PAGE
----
Lilacs are a pretty gumpaste sugar flower for Spring cakes, but they take a LOT of tiny blossoms and buds.
Luckily, one or two of the finished flowers are enough to create a dramatic effect on a tiered cake, along with other flowers that are faster to make!
- Thin floral wire
- Dowel with rounded and pointed end
- Small scissors
- Floral tape
- Styrofoam to insert flowers while they dry
- Crisco or cornstarch for keeping paste from sticking to your fingers
Start with a small piece of gumpaste.
This should be about ¼” across.
Insert a thin wire, about 28-32 gauge, cut to about 3 to 4” long, and hooked on the end.
Pinch the ball around the base of the wire to make sure it’s attached.
Insert the pointed end of the dowel into the ball to make a center.
Make four short cuts into the ball around the center.
Gently pinch the four sections to flatten them out slightly.
Make sure that the gumpaste is pressed around the wire in the back.
If it makes a little cone-shaped stem on the back, that’s fine.
This is the key to making lilacs…Pinch each petal while cupping them at the same time.
Do this by pressing down on the center of the petal with your forefinger while pressing up on either side of that with your thumb and middle finger.
This will result in a tiny curve to the petal and an indentation in the center.
If the petals aren’t curved in this way, they won’t look right when the flower is done.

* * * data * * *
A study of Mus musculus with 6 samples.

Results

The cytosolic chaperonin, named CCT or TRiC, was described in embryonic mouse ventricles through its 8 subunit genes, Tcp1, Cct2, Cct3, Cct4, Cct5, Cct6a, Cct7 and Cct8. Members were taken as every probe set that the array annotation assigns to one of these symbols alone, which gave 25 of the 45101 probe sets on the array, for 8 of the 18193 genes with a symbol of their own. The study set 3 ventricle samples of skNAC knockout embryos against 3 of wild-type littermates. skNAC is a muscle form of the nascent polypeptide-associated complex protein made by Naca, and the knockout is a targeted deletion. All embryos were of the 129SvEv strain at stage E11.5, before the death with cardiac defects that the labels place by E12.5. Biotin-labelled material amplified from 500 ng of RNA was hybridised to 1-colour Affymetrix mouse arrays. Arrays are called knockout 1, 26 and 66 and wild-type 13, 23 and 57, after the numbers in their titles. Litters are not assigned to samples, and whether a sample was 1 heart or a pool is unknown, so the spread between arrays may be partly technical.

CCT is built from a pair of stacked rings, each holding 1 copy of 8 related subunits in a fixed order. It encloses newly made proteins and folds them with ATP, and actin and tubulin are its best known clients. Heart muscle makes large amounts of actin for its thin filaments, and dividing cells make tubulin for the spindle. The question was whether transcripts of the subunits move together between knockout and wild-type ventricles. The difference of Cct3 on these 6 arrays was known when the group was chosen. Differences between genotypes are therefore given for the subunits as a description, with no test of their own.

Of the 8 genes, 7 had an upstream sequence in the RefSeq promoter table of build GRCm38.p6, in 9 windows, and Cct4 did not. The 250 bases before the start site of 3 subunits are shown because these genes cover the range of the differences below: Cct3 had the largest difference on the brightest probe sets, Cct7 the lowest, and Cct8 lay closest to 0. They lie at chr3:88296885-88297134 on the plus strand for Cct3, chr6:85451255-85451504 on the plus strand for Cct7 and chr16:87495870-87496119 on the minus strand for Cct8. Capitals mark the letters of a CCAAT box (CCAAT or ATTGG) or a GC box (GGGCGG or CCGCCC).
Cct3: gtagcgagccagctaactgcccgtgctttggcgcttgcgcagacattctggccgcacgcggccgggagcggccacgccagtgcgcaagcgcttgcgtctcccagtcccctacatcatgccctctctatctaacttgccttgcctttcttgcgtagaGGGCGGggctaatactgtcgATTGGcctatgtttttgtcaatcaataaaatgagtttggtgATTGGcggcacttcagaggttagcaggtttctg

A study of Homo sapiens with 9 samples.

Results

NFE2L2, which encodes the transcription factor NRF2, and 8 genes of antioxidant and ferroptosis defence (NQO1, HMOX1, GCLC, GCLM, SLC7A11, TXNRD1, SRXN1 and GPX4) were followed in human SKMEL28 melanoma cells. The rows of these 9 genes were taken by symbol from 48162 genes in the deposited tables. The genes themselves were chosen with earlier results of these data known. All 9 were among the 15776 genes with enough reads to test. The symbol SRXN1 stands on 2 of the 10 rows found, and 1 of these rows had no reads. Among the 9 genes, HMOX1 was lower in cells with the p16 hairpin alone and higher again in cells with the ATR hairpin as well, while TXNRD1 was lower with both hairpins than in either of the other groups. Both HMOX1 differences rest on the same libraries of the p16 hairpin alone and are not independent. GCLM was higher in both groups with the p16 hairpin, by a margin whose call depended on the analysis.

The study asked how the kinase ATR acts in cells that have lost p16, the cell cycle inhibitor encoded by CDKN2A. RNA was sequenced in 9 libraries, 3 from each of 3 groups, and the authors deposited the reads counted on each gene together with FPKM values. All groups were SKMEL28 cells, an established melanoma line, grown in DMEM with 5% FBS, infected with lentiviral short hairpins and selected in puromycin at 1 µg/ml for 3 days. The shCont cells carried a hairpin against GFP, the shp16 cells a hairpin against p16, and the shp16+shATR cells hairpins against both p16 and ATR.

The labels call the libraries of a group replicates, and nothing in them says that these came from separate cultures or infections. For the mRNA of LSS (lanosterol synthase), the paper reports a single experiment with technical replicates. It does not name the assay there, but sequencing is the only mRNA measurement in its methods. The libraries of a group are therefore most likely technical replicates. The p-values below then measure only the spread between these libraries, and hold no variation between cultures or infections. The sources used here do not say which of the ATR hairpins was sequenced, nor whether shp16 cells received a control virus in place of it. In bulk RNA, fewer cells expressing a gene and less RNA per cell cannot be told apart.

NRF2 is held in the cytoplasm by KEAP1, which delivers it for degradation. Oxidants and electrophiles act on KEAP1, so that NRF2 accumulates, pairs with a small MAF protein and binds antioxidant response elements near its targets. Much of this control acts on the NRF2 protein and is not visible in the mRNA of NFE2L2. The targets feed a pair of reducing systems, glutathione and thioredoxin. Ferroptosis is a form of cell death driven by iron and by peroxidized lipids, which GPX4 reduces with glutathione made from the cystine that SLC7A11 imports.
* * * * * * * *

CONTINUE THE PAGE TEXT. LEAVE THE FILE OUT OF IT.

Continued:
Make some smaller and some larger flowers so that you have a variety. You can leave some not-as-open also.
Stick the flower in a piece of styrofoam to dry.
For the buds, attach another small piece of gumpaste to a hooked wire.
Optional step: Take a flat tool or anything that will make an indentation, and press an “x” shape at the top of the bud.
Each lilac bunch should have a few buds at the top of the group.
When the buds and flowers have dried enough to keep their shape, wrap at least three buds with floral tape to start.
Wrap the buds, making sure that they’re slightly uneven and not all on the same level.
Continue wrapping, adding more flowers as you go.
Smaller flowers should be near the top of the bunch, and as you continue you should add larger flowers so that they stick out from the center more.
Overlap the flowers to fill in any gaps.
You can use flowers that have a longer stem in back to make the ones on the lower part of the bunch extend from the center more.
This will make the bunch look wider at the base.
The final bunch should have a variety of sizes and amounts of “openness” to the flowers.
The key to lilacs is that they have both buds and open flowers on each bunch, so the combination makes the flowers more realistic.
You’ll need at least 3 or 4 buds and about 25-30 flowers for each bunch.